Authors

  • Masuko Ishii M.Sc.,

    1. Forensic Science Laboratory, Chiba Prefecture Police Headquarters, 1-71-1 Chuo-minato, Chuo-Ku, Chiba 260-0024, Japan.

    1. Forensic Science Laboratory, Kyoto Prefecture Police Headquarters, 85-3 Yabunouchi-machi, Kamaza-higashi-hairu, Shimotateuri-tori, Jyoukyou-ku, Kyouto 602-8550, Japan.
    2. Deptartment of Neurosurgery, Kansai Medical University, 10-15 Fumizono-cho, Moriguchi, Osaka 570-8507, Japan.

    1. Deptartment of Legal Medicine, Graduate School of Medicine, Chiba University, 1-8-1 Inohana, Chuo-ku, Chiba 260-8670, Japan.

    1. Deptartment of Legal Medicine, Graduate School of Medicine, Chiba University, 1-8-1 Inohana, Chuo-ku, Chiba 260-8670, Japan.

    1. Deptartment of Legal Medicine, Graduate School of Medicine, Chiba University, 1-8-1 Inohana, Chuo-ku, Chiba 260-8670, Japan.

    1. Deptartment of Legal Medicine, Graduate School of Medicine, Chiba University, 1-8-1 Inohana, Chuo-ku, Chiba 260-8670, Japan.

    1. Deptartment of Radiology, Graduate School of Medicine, Chiba University, 1-8-1 Inohana, Chuo-ku, Chiba 260-8677, Japan.

    1. Deptartment of Legal Medicine, Graduate School of Medicine, Chiba University, 1-8-1 Inohana, Chuo-ku, Chiba 260-8670, Japan.
Masuko Ishii, M.Sc.
Forensic Science Laboratory
Chiba Prefecture Police Headquarters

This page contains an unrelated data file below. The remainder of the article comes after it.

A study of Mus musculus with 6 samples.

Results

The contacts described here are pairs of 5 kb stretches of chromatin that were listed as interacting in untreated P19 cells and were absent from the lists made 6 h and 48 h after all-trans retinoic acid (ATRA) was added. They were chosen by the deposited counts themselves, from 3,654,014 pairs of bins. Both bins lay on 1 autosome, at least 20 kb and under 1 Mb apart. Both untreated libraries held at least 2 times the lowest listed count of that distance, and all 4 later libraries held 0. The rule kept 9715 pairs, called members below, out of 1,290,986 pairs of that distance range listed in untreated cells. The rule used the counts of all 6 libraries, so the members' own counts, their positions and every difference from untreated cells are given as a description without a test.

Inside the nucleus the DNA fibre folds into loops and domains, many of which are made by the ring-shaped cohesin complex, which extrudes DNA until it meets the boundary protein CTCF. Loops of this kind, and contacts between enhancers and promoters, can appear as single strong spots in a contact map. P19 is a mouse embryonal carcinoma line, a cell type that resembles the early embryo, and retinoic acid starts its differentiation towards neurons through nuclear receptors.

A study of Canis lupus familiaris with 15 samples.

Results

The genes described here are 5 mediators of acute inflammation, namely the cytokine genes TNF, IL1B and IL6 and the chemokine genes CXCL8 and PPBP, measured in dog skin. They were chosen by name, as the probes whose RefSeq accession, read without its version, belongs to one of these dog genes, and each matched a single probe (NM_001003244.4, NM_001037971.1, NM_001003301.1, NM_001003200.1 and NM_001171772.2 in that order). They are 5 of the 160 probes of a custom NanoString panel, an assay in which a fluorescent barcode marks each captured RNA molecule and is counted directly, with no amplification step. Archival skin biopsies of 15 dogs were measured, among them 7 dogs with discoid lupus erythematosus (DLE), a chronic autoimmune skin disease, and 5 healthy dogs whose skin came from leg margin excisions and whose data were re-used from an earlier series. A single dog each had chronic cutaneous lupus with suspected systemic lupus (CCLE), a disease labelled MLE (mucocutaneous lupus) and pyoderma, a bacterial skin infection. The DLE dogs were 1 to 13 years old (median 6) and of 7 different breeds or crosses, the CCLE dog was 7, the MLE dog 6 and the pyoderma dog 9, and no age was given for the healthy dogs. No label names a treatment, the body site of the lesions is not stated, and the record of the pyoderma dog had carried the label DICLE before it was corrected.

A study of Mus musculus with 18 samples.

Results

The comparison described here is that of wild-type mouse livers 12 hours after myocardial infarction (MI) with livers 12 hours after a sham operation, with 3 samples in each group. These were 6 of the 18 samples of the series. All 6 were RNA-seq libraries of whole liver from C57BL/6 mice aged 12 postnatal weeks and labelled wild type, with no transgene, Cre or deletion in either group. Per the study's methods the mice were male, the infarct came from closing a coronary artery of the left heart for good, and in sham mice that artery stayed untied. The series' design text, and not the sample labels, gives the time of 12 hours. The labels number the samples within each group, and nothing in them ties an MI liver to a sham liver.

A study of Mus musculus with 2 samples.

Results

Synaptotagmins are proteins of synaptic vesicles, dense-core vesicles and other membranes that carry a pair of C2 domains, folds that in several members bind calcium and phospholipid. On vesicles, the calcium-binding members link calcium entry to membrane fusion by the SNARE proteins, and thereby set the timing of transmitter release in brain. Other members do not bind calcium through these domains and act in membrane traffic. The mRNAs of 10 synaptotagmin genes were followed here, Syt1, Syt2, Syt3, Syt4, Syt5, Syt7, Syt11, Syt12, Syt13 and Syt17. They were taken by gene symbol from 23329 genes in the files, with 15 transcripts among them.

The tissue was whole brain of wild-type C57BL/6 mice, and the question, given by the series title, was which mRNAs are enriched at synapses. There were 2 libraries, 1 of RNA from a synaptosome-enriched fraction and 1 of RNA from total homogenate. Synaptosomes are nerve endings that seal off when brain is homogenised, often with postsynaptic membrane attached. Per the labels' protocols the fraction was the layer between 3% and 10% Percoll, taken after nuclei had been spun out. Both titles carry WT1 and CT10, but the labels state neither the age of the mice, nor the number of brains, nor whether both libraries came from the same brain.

1-71-1 Chuo-minato, chuo-ku
Chiba 260-0024
Japan
E-mail: celeboo141@m6.gyao.ne.jp

Abstract

Abstract:  Superimposition has been applied to skulls of unidentified skeletonized corpses as a personal identification method. The current method involves layering of a skull and a facial image of a suspected person and thus requires a real skeletonized skull. In this study, we scanned skulls of skeletonized corpses by computed tomography (CT), reconstructed three-dimensional (3D) images of skulls from the CT images, and superimposed the 3D images with facial images of the corresponding persons taken in their lives. Superimposition using 3D-reconstructed skull images demonstrated, as did superimposition using real skulls, an adequate degree of morphological consistency between the 3D-reconstructed skulls and persons in the facial images. Three-dimensional skull images reconstructed from CT images can be saved as data files and the use of these images in superimposition is effective for personal identification of unidentified bodies.